Why Retailing Has Changed Forever

Appliances

Last Thursday I went our for my morning walk with my wife, Robyn. She told me that we had a problem with our washing machine. She thought that the motor had given up the ghost. We have had it for some time so we decided not to bother with calling a repair man and to bite the bullet and purchase a new one.

We had a lot of laundry and a long weekend coming up, but as it was Thursday neither she nor I had an expectation of getting one. She made a couple of calls and told me that she had found the model she wanted – a Bosch. It was available from a nearby Harvey Norman store for just under $1,200, but the same model was also available from Joyce Mayne for under $800. I suggested that we should also check online with Appliances Online because we had bought a dishwasher through them which had worked out well on both price and delivery – because they don’t charge for the delivery costs.

I found exactly the same Bosch device at Appliance Online for $10 less than the quoted price from Joyce Mayne. The price included delivery, installation and disposal of the old machine at no extra cost.

At that point I got a phone call from a sales person at Joyce Mayne, who Robyn had called to check on availability. The sales lady said that the machine was in stock at the warehouse in Sydney, but that it would not be able to be delivered until next Thursday; there would be a $15 charge for disposal of the oldĀ  machine, a $40 charge for delivery – and that she had dropped this price from the normal $45, but that this did not include installation.

I told her that I was looking at the same product online…. cheaper.

So she asked me what would happen if I needed a warranty call…. clearly trying to get me to feel uncertain about after sales support. I responded, because I have been through this with a number of devices, “Service calls are handled by the manufacturer not by the retailer”.

So on line I clicked on the “Preferred Delivery Date” button, requesting Friday, the following day expecting to get a call to say that we would have to wait until the following Thursday.

The website accepted the date, accepted my credit card and an automated email response came back, as they do.

The next day by 10.30am the new machine was delivered, installed and the old machine out of the house. Done. A less than 24 hour turn around from order to installation from a remote, pure play web business when a local, bricks and mortar business couldn’t match the value proposition on price, on delivery, on timing of delivery, in fact on any of the key purchase criteria that you would expect.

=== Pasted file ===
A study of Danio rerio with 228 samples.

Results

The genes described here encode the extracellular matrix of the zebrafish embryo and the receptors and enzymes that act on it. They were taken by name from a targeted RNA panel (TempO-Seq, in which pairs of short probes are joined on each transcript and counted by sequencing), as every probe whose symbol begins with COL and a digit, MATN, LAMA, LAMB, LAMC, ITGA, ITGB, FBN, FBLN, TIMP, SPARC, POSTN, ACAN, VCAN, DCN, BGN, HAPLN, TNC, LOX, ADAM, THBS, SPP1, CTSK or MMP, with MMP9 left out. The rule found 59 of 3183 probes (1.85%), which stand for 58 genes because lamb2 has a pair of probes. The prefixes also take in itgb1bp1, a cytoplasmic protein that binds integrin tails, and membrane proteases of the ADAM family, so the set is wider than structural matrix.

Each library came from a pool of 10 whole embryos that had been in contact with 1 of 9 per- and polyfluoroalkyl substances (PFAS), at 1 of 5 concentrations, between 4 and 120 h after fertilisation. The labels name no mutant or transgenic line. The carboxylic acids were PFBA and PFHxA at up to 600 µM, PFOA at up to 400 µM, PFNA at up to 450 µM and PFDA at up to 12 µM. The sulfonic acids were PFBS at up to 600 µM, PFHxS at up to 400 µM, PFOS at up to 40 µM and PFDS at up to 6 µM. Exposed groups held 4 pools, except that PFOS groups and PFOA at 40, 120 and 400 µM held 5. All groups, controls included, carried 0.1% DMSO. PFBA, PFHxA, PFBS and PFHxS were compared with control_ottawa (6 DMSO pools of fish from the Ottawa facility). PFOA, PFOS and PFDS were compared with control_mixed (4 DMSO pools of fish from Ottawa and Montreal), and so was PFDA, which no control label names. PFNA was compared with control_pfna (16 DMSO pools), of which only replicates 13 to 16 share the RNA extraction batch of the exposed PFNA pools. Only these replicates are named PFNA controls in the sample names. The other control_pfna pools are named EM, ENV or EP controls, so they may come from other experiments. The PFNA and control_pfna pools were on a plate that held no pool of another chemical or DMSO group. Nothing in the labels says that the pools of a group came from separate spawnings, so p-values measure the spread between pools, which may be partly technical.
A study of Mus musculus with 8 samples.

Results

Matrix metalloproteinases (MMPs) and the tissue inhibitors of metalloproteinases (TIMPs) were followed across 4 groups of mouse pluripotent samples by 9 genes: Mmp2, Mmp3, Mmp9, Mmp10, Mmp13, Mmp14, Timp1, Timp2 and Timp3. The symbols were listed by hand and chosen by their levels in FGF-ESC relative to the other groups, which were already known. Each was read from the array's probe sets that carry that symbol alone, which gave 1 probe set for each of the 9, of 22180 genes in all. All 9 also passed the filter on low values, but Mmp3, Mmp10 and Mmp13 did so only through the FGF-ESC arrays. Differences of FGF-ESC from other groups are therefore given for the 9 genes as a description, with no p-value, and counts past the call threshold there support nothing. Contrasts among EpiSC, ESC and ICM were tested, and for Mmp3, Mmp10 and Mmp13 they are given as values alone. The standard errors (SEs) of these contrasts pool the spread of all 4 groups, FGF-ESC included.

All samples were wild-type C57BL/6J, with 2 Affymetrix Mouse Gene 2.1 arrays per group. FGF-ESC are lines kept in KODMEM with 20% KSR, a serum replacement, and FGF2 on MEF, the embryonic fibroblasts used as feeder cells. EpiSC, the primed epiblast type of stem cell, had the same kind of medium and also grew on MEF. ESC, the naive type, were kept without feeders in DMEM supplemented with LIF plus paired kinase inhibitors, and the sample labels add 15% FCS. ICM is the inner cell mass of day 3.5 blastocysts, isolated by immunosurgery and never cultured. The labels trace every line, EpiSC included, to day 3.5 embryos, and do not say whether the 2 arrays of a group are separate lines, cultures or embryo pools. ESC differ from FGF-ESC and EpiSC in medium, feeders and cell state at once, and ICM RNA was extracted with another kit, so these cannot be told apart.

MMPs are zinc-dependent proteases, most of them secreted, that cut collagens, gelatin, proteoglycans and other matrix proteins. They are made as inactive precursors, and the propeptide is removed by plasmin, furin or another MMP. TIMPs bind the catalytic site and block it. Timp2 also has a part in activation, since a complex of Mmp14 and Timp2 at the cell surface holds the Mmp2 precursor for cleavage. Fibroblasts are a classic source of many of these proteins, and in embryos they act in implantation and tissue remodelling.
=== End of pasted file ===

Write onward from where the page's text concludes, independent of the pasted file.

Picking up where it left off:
Is it any wonder that retail will never be the same.

Clearly the Appliance Online business must be built on having a direct ability to automatically access and indent inventory, access and book trucking, in a seamless way where there is only light touch human intervention. They presumably have no warehousing costs, no retail location costs, and so can set their prices at precisely the level that will capture the business.

On the other hand Joyce Mayne, as a discount business, has to deal with the cost of their retail space and employees, with the employees watch potential sales disappear before their very eyes.

Harvey Norman, one assumes, has an entirely different business model. Since they offer ultra long no-repayment hire purchase terms, I would believe that their model is to sell to people who can’t afford to pay cash, and therefore they take as much of the available margin as they can in return for having the relationship with GE Capital who provide the finance.

So in the future I can see companies like Harvey Norman surviving, but I can’t see how the big box discounters can compete with online.

Its not about imports that avoid the GST. Its about service and time of delivery and price. These three things mean that a company like Appliances Online will continue to build brand momentum and win, win, win.